James ‘JC’ Curleigh was recently announced as the new CEO of Gibson Brands, replacing Henry Juszkiewicz.
Curleigh joins the guitar giant after spending the majority of his career at leading apparel and sportswear companies, most recently as the president of global brands at Levi Strauss. But just who is James Curleigh, and what steered him from clothes to guitars?
Mars bars and work boots
One of Curleigh’s earliest roles was working on brand marketing and strategic planning at confectionary titan Mars. There, he famously convinced the family-owned business to sponsor the 1992 Summer Olympics, in Barcelona, timing the move to coincide with the relaunch of Snickers.
That brush with the Olympics ignited a long love affair with sports marketing.
Four years after Linford Christie won the gold for the 100m dash, Curleigh left the candy-coloured world of Mars for the alpine slopes of Salomon. He re-envisioned the ski company as a “freedom action sports” brand, climbing from managing director of the UK office to the president and CEO of North America in four years – with a two-year stint at TaylorMade, a Salomon subsidiary at the time, in-between.
The alum of Harvard’s and Stanford’s business schools then joined KEEN in 2008 as its president and CEO. The Portland-based footwear startup was experiencing a period of massive growth at the time: When Curleigh was appointed, KEEN’s estimated annual sales revenue stood at around $130 to $140 million. By the end of 2011, that figure would leap to $240 million.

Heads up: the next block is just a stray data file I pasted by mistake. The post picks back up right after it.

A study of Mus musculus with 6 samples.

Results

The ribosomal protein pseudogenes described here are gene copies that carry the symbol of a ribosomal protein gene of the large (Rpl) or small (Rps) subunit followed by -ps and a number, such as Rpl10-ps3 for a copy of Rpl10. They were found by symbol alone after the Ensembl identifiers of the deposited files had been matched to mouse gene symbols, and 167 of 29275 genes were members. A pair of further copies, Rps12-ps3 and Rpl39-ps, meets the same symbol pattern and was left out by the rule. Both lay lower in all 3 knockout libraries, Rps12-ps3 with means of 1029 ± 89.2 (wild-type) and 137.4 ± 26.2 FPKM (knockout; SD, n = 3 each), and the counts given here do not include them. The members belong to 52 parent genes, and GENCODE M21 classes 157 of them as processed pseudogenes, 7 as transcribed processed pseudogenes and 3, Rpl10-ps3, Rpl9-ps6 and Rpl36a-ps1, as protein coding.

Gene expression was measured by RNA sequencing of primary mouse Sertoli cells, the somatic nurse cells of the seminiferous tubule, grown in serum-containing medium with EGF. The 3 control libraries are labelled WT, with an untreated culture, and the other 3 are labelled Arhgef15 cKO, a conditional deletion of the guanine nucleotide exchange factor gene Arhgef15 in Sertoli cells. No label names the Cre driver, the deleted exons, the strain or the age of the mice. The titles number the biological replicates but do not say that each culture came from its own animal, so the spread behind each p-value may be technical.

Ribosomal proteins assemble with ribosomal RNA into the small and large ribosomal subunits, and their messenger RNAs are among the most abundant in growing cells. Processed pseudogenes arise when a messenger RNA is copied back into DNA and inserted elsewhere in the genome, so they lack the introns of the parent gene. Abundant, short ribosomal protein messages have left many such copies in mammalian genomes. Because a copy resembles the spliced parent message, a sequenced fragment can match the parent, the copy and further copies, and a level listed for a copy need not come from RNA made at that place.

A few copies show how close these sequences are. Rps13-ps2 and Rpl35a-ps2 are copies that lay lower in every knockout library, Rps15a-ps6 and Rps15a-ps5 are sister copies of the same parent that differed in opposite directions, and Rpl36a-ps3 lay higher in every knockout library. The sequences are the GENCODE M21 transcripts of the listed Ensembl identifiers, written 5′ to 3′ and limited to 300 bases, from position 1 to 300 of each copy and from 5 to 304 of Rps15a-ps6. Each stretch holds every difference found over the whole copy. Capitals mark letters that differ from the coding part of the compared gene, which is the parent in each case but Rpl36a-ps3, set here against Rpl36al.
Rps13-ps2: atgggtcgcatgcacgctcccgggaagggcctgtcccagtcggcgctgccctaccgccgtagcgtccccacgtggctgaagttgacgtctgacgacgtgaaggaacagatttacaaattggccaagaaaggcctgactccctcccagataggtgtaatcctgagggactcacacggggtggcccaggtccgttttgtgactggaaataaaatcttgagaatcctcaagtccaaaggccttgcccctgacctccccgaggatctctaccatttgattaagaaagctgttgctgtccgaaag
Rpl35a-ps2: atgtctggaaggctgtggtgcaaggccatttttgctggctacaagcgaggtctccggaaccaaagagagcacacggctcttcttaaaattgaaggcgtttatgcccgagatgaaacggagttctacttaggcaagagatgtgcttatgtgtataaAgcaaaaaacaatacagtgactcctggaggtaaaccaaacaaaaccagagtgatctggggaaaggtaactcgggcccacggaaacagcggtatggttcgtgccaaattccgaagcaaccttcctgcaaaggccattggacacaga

And then, in 2012, Levi’s rang him up.
Taking a heritage brand to the modern age
The call was a chance one, but it led to a dinner appointment with Levi’s senior leadership – and that blossomed into a full-fledged role. Curleigh would be responsible for leading the Levi’s brand globally as its president.
His pitch on that initial phone call will resonate with longtime Gibson fans. “You have to take that authenticity, heritage and the starting point of making jeans, and then focus on the future,” he recounted to Forbes. “You have to focus on the future more than the past. That’s what a 150-year-old startup would do.” Gibson, to put into context, is 116 years old.
One of Curleigh’s most successful strategies was to broker a balance between Levi’s core customers, what he terms ‘lapsed fans’, and would-be fans. He emboldened the brand with the mantra “Blue jeans. Music. Sports. Entertainment. Fans.” He opened a 20,000-square-foot facility to study the art of denim dyes. He married quality of material and construction with modern silhouettes. He even renamed the San Francisco 49ers’ homeground the “Levi’s Stadium”. And it all worked. The final full year of Curleigh’s tenure, 2017, was also Levi Strauss’ strongest revenue showing in a decade.